Are happy kids more successful? There's so much information out there on raising smart kids and successful kids, but how do you raise happy kids? Sometimes it's hard to balance what's best for children with what makes them happy, but the two don't have to be mutually exclusive. Here are Jennifer Kolari’s five tips on raising a happier child.

raising a happy child

Look After Your Own Happiness

We often complain about life’s challenges front of our children and then wonder why our kids echo back that negativity. If we whine about getting up in the morning or we’re self-critical about our appearance, kids eventually pick up on that. The best thing we can do to help our kids embrace positivity is to model it ourselves.

Expect Effort, Not Perfection

This is a huge one. Too much focus on the end goal can make kids give up or lose motivation. It’s much better to validate the kid's effort and attitude rather than holding off on praise until their final performance.

Teach Kids Self-Discipline

We do way too much for our kids, often because it feels like an easy way to demonstrate our love. But are we filling too many of their needs without asking them to think about it first? An example: If they really want something in the store, don’t give in to keep them quiet. They should know that you love them enough to say no, and if they are old enough, you can engage them in a discussion about what they want versus what they need.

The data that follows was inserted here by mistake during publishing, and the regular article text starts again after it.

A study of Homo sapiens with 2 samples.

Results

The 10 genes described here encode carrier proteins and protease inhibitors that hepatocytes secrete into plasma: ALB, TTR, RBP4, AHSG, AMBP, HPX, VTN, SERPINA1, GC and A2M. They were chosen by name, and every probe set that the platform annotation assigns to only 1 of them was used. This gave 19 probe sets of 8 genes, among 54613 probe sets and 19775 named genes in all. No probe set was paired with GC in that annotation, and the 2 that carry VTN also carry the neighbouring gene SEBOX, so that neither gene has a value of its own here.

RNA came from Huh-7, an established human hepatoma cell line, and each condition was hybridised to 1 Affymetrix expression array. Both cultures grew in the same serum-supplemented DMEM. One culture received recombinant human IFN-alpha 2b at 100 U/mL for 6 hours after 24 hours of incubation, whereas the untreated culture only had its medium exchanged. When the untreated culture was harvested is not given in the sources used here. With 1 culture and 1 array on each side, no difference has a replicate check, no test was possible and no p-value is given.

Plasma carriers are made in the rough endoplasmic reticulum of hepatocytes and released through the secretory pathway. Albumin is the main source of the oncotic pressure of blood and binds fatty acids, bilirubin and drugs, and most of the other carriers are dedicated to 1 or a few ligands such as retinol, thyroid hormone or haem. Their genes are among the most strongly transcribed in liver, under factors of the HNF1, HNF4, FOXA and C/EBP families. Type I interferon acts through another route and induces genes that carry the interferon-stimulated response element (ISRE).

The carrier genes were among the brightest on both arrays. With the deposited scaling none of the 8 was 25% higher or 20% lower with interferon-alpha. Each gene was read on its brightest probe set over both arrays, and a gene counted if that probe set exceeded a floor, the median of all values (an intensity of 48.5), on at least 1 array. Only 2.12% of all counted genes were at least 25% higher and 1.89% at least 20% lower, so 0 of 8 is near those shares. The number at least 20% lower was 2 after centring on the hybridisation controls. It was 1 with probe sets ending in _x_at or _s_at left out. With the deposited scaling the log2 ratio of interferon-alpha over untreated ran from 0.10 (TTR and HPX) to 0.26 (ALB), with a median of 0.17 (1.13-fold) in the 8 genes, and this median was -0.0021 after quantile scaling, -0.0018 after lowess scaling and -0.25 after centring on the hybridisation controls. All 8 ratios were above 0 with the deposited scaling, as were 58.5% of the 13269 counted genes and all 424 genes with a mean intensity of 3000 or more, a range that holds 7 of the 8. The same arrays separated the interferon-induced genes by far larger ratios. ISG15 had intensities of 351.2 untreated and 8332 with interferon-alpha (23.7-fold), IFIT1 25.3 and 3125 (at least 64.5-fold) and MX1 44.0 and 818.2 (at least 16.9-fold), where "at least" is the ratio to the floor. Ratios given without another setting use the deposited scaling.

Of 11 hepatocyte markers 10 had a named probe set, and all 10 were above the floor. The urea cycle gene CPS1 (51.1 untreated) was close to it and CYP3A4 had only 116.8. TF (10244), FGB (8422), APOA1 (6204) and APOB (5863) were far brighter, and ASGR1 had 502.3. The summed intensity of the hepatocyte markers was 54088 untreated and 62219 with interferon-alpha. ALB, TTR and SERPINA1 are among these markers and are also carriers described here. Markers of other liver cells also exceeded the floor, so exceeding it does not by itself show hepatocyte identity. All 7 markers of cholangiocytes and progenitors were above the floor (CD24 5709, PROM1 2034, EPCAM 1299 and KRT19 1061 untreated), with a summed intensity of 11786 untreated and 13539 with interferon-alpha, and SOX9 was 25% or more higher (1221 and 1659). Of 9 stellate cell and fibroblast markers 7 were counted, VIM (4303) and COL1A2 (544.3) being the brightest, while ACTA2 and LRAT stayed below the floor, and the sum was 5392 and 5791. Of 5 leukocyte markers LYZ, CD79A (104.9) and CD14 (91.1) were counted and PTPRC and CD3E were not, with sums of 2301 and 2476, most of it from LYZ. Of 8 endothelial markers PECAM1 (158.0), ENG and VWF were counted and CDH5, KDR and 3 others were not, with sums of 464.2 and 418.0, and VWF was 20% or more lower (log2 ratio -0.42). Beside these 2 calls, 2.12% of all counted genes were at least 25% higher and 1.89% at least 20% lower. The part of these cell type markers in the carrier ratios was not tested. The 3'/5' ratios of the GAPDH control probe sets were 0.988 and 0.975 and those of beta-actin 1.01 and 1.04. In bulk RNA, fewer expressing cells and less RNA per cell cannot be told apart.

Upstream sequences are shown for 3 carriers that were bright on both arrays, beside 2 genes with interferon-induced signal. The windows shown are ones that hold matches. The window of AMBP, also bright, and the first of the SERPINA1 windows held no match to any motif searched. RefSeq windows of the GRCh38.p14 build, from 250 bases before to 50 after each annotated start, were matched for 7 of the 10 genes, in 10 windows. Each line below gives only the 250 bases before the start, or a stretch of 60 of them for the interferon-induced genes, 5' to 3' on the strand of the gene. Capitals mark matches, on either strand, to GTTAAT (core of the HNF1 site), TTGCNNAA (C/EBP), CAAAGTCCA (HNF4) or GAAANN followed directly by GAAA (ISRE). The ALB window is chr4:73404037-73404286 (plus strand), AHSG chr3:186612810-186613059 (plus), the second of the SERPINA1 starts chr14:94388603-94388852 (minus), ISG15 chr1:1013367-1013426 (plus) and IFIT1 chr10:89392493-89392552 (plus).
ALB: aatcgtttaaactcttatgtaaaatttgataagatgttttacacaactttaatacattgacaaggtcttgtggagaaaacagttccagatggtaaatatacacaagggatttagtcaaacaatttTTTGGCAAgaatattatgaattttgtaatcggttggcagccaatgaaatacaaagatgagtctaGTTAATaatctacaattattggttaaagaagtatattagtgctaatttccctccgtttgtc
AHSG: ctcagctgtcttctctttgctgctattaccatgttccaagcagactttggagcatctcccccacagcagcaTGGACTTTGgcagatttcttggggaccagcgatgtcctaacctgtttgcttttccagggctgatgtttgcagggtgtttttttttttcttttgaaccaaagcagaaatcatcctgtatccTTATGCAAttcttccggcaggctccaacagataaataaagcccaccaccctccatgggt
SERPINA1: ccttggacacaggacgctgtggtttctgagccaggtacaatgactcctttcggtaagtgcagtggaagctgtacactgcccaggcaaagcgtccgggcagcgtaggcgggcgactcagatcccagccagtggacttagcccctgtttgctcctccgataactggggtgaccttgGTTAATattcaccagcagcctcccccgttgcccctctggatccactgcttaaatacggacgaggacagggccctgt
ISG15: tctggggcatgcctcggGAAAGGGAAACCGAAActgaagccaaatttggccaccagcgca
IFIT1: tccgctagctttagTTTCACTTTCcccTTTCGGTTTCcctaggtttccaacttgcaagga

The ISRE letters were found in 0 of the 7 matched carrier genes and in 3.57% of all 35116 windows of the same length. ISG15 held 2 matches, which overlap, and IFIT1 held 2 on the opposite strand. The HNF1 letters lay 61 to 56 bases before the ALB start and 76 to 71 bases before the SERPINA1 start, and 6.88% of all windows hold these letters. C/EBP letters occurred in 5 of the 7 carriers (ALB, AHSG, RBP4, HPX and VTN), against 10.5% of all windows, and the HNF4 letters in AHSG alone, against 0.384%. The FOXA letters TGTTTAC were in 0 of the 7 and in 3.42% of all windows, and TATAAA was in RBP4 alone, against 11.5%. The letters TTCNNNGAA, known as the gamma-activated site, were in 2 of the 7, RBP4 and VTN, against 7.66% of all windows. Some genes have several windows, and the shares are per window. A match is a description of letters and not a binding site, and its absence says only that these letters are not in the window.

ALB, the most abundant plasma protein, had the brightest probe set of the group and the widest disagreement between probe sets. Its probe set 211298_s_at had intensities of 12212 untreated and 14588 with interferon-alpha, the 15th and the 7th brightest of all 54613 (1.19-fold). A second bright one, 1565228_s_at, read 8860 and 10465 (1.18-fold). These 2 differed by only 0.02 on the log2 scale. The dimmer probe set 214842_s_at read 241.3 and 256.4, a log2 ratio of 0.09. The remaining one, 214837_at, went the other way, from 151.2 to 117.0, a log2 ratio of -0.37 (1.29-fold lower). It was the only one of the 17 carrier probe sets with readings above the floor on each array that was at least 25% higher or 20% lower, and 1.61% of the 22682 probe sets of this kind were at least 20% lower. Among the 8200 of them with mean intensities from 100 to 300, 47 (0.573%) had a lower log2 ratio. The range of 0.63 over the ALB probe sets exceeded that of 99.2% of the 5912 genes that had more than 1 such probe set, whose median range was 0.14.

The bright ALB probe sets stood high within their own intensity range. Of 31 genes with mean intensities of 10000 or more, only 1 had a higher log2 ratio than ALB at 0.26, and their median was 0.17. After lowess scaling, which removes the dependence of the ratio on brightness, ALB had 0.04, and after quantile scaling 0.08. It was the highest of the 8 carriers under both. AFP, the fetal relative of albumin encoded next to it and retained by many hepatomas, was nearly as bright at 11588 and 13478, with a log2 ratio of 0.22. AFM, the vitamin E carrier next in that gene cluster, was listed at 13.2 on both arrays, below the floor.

More Play Time, Less Screen Time

Kids are so structured and programmed these days, but they thrive with unstructured play where they can learn compromise and improvisation. Some games and passive watching can be great for your child’s development but make sure you are balancing that with real-world activities. Let them get a bit bored and figure out a non-screen compromise to deal with it.

Engage Your Kids

Engage them in play. Make it just you and the kids, even if it means tickling them or running around the house. Kids thrive on a blast of adrenaline and giving them a physical outlet means they throw fewer tantrums. Build in your own playtime with kids every day. It’s an important way to connect and build strong and healthy bonds as your children grow and develop.